When I was signing the lease with my landlord, Thomas Howze, at the new SOMA Creek Side this past year, I mentioned to him that directly across the street from my new restaurant was the preschool I attended. He smiled and explained my teacher and the owner of Little Friends preschool was his mother. Now, 50 years later, I have come full circle and ended up across the street from where I started. I now serve many of my fellow students and their families in my restaurant.
One of the defining moments in my career came while I was 16 and in Manatee High School back in the 1970s. I worked as a bus boy in the kitchen at the Tiffany Lounge, West Bradenton's first disco nightclub and restaurant. One night, the sous chef was incapacitated and they needed a hand in the kitchen. It came naturally to me. I loved the fast pace, and the excitement of working in a kitchen took over. My future was cast.
After graduation at MHS, surfing and skateboarding took me to southern California for a while, but I wanted a culinary diploma. I was accepted to the Culinary Institute of America in upstate New York. One problem, though: I was a Florida boy and it was really cold up there. At the last minute, there was a change of plans and I heard about the California Culinary Academy in San Francisco. It was a perfect place for me.
After arriving in the city, I landed a job at the Balboa Cafe where the chef was Jeremiah Tower, who is heralded as one of the founders of California cuisine.
At the academy, the faculty was a who's who of the best chefs in the city, and it was there that
I learned a great deal about fusion cuisine from chef/instructor Ken Hom, who taught me another new concept at the time -- East meets West.
So here I was in a French cooking school, being influenced by a famous Chinese chef and the vanguard of the California nouvelle cuisine revolution. The basic idea was to serve only the highest quality products and only when they were in season, awakening America's palette for what was to come -- regional cuisine. I had taken a knowledge of my "redneck cuisine" to San Francisco and it was what set me apart.
They had never seen hush puppies, shrimp and grits, and okra. I embellished it, fused it and it is what inspires me daily as a chef. My menu is me and my travels, not what I see on other menus around town. It is my history and my memories. That is my cuisine.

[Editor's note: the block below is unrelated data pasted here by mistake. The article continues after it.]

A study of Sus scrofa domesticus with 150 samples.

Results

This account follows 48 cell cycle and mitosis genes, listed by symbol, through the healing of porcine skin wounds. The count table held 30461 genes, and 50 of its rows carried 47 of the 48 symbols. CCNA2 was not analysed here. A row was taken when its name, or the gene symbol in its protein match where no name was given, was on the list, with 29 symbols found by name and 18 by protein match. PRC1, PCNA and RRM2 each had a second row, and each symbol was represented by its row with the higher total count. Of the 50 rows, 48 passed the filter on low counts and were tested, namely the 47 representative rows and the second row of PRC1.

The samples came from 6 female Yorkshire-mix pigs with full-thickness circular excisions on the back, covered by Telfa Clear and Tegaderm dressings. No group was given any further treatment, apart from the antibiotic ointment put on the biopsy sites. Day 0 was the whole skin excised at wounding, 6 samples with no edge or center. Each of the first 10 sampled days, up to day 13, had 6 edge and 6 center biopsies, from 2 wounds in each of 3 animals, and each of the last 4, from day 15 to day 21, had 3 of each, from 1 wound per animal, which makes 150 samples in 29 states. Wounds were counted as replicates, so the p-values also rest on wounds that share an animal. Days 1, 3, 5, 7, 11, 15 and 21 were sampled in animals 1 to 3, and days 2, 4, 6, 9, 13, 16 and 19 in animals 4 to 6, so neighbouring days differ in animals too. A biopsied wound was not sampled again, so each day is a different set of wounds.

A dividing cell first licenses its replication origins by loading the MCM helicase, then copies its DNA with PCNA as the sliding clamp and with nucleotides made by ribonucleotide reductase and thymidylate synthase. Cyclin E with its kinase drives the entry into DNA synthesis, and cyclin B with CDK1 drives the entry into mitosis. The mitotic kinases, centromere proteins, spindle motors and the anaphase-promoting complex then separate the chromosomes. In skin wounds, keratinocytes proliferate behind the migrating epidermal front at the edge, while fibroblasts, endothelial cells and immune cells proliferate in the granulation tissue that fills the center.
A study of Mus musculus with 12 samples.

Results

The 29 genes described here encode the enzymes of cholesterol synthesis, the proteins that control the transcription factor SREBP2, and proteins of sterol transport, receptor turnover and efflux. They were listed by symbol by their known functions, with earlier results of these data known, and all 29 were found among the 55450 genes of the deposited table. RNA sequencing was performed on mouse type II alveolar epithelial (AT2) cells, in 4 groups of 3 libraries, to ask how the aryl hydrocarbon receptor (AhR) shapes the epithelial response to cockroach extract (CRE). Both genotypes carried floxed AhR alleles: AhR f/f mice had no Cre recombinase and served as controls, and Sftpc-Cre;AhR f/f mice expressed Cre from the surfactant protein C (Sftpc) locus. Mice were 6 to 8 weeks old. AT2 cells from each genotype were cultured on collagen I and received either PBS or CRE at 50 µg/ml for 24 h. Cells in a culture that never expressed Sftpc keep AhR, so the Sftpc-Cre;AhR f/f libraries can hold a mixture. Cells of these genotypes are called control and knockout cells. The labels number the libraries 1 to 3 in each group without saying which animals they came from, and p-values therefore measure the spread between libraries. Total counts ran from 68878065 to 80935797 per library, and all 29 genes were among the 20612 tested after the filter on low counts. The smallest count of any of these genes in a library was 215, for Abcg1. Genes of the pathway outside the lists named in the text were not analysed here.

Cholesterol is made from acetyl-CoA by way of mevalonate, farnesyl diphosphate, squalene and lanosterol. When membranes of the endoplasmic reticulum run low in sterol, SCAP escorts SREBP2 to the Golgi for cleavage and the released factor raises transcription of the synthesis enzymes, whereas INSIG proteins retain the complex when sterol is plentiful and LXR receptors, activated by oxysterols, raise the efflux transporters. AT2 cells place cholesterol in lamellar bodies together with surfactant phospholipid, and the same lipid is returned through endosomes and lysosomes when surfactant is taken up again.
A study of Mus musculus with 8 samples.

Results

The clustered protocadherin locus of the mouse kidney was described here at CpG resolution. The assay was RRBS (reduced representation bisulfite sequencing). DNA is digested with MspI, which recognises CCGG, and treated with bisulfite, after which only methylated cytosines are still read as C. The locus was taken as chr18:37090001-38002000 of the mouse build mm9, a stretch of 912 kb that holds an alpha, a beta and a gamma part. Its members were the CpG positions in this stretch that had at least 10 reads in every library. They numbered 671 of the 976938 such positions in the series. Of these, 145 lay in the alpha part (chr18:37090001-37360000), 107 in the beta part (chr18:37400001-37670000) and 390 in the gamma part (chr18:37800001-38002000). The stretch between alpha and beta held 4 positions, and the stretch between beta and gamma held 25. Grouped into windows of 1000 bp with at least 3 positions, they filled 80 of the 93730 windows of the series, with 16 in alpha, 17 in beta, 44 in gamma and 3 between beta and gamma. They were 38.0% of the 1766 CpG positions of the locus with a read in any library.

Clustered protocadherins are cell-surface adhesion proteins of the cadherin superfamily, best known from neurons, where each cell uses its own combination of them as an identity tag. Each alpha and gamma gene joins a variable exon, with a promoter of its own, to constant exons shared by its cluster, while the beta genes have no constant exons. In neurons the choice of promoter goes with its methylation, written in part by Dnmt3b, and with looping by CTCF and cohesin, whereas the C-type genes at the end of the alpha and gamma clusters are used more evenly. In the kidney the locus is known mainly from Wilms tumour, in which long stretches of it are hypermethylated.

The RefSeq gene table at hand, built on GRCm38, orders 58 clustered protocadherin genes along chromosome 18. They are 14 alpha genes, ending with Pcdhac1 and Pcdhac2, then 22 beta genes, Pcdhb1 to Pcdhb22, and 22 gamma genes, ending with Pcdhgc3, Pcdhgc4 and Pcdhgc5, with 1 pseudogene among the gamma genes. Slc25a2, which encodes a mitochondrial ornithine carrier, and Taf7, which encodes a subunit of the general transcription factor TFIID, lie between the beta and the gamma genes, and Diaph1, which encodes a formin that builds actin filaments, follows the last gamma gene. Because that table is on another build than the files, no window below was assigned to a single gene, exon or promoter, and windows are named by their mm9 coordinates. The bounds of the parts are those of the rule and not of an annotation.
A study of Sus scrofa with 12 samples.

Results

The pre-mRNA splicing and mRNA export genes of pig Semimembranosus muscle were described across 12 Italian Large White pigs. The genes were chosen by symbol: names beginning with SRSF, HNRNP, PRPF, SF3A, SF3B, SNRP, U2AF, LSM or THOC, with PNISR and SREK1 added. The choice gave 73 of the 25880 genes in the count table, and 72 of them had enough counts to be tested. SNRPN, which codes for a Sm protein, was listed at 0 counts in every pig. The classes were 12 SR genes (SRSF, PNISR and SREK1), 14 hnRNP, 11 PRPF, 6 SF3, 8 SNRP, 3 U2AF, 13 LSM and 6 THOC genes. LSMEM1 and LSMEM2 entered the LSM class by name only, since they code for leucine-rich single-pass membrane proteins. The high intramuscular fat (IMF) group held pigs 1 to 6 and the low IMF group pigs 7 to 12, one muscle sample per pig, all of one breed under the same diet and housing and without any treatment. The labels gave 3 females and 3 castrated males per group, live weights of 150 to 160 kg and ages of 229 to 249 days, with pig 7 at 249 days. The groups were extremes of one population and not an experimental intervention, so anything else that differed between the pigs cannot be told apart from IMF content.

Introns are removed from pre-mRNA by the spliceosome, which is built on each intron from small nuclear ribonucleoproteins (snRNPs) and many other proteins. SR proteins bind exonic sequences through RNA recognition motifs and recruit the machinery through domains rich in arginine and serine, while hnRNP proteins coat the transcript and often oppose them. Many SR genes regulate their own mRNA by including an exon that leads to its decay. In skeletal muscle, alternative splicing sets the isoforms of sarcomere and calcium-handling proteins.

I love being a chef in my hometown. I suppose it has something to do with ego, but I love it when one of my guests tell me they love my place because it is me.
SOMA Creek Side has been open about one year, having moved my SOMA Diner to downtown. I changed the name to SOMA Creek Side and we have been thrilled at the results. It's a party every night and all my friends are coming.
Fried green tomato with tomato salata, pesto & goat cheese (serves 6)
1 tomato diced medium
2 cloves garlic diced and smashed
1 teaspoon fine diced basil
2 teaspoons fine diced carrot
Sprinkle of kosher salt
6 tablespoons goat cheese (to sprinkle over the top at end)
Combine ingredients and set aside.
FRIED GREEN TOMATOES
1 cup buttermilk
1- 1/2 cups even mix of regular flour, cornmeal and wheat flour
Salt and pepper
Bacon fat or vegetable oil for frying
2 pounds green tomato sliced just less than 1/2-inch-thick
Preheat to medium high pan with oil. Double dredge green tomato from buttermilk to flour and again, then fry in the oil until golden brown. Drain on paper towels.
2 tablespoons toasted cashews
4 cloves garlic
Pinch kosher salt
Pinch cracked pepper
3/4 cup extra virgin olive oil
1/2 lemon, squeezed
Place all ingredients in food processor until smooth consistency. This is more than you need (about 2 cups) but it will be good covered in the refrigerator for at least a week. Place cooked green tomato down on plate, top with salata, sprinkle goat cheese, then pesto.
Chef Dave Shiplett, chef/owner of SOMA Creek Side, can be reached at 941-567-4001. SOMA Creek Side is at 1401 Manatee Ave. W., Bradenton.